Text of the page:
American Staffordshire Terrier

american-staffordshire-terrier

The early history of the American Staffordshire Terrier was not recorded, but many experts feel the Am Staff and the Staffordshire Bull Terrier share some of the same ancestors, especially the old English Bulldog and perhaps the white English Terrier.

 American Staffordshire Terrier dogs were used in the blood sports of bull and bear baiting. The Am Staff and American Pit Bull Terrier separated into two different breeds many years ago when the Pit Bull was recognized by the UKC and the American Staffordshire Terrier was recognized by the AKC.

The American Staffordshire Terrier is a medium-sized dog standing between 17 and 19 inches tall and weighing between 55 and 70 pounds. The head is blocky with muscular jaws, dark, round eyes, and either cropped or natural ears. The body is muscular, with a deep, wide chest, straight front legs, and a tapered, rather short, but not docked tail. The coat is short and may be any color.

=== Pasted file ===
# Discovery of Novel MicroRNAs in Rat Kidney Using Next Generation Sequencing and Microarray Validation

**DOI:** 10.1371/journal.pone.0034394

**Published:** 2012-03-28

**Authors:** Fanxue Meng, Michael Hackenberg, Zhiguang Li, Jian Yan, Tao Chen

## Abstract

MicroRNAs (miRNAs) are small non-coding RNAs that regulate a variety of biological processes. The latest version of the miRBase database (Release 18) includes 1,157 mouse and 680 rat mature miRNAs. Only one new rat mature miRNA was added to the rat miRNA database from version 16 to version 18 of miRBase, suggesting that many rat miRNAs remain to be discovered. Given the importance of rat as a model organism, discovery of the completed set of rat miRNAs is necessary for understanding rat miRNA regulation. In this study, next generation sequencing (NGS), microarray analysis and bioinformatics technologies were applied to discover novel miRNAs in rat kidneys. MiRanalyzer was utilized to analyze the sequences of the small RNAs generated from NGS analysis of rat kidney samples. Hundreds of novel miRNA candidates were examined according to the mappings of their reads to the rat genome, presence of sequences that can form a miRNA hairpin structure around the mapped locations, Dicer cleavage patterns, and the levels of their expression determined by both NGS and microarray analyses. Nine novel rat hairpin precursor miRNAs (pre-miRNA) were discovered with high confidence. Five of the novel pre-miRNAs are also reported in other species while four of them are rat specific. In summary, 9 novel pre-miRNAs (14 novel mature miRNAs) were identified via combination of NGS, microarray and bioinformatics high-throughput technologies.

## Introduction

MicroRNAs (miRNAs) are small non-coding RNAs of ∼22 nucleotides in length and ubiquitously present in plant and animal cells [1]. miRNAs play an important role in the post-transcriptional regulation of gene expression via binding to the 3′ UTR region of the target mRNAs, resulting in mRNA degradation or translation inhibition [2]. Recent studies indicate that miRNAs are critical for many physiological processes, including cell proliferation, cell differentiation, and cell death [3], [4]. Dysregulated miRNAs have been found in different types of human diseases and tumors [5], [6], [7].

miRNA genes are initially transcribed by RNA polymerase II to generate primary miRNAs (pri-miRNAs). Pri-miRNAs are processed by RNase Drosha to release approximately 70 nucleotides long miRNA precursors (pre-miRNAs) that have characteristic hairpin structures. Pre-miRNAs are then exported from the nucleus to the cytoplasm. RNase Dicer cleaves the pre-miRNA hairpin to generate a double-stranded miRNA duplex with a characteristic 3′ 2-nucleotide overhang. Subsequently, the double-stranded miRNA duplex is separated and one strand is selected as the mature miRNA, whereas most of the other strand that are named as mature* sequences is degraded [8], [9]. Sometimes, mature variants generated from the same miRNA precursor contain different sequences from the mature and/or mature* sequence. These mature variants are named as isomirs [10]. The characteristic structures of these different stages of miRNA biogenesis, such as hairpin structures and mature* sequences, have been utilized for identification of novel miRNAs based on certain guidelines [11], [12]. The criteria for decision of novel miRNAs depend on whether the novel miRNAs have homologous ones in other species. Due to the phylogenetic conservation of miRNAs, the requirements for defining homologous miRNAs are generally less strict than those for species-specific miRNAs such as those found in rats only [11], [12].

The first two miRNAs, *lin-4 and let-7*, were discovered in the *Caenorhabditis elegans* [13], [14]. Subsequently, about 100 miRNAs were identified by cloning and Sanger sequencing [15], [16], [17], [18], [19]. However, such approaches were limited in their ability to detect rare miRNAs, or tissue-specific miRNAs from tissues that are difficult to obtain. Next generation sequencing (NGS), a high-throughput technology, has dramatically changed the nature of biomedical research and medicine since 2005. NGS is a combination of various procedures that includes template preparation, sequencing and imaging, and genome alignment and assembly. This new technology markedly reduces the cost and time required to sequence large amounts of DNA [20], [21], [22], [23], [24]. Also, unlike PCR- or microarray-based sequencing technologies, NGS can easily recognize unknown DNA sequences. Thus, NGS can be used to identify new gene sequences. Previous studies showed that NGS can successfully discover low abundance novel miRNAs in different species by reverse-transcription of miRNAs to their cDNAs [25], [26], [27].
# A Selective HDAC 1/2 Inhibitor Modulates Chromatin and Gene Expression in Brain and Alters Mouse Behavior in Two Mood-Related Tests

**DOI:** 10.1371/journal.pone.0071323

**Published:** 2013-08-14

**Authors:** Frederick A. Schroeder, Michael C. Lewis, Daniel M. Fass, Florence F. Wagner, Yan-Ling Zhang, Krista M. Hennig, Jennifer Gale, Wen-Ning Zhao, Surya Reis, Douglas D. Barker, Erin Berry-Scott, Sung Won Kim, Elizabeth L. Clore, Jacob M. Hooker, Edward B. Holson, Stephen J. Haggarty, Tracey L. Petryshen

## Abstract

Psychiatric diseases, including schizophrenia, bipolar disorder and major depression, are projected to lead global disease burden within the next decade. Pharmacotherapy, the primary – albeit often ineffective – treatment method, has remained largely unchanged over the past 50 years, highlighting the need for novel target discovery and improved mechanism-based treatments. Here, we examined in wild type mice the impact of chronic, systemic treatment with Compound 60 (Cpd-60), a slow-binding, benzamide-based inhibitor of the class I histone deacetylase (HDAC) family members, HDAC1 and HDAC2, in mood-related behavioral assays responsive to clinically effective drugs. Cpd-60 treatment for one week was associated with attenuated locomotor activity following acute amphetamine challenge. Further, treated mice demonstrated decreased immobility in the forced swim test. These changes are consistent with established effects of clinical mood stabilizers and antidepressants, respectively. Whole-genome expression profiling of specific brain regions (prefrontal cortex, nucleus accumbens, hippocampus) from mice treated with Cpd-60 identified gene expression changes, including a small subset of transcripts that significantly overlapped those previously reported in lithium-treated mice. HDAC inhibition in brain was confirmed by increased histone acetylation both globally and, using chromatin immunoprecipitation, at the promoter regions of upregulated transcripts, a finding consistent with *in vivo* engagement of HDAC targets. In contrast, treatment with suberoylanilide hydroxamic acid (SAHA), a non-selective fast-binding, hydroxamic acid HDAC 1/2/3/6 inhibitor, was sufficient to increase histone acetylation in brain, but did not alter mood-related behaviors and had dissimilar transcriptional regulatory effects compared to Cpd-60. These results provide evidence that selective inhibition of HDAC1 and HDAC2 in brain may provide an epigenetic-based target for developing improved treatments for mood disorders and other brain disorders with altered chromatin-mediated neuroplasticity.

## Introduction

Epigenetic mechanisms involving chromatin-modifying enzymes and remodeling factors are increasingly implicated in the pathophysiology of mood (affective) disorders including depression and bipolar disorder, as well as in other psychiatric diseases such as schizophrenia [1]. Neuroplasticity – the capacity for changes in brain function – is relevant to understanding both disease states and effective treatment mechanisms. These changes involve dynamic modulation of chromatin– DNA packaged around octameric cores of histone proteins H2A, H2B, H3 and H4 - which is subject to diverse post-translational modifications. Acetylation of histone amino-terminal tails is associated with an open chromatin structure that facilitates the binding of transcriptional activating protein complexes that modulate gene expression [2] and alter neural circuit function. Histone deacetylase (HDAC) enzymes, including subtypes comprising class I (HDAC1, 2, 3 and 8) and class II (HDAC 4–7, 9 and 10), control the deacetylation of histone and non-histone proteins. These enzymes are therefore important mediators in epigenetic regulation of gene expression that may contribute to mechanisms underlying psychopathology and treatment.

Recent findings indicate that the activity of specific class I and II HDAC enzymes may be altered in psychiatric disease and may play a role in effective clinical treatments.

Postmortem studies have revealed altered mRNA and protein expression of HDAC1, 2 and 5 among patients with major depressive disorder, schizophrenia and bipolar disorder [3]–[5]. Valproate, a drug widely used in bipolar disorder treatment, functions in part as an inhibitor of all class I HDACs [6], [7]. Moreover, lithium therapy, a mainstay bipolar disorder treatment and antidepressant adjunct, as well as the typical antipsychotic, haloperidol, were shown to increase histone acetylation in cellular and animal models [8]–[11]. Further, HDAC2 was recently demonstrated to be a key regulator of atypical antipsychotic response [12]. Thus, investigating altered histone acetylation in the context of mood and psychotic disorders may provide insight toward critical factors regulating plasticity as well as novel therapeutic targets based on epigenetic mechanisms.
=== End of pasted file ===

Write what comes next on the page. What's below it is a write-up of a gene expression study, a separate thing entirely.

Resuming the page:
Grooming the American Staffordshire Terrier simply means brushing the dog with a soft bristle brush or curry comb twice a week. This is an active breed who needs vigorous daily exercise. They do not have the body build of a long-distance runner, however, so the exercise should be long, quick-paced walks, weightpulling exercise, carting training, or a game of catch and fetch.

The ancestry of American Staffordshire Terrier includes dogs who were bred to fight and sometimes to fight other dogs. Because of this, American Staffordshire Terriers often do not get along with other dogs, especially dogs of the same sex. Although early socialization can often temper this reaction, interactions with other dogs should always be closely supervised, and those who show aggression should no longer be allowed to socialize. To prevent potential problems, all exercise should be on leash or within a fenced yard.

 American Staffordshire Terriers are excellent watchdogs. They are also gentle and affectionate family dogs who are tolerant of children’s rough play. When raised with other pets, they can be gentle and patient. Health concerns include hip dysplasia, allergies, and thyroid problems.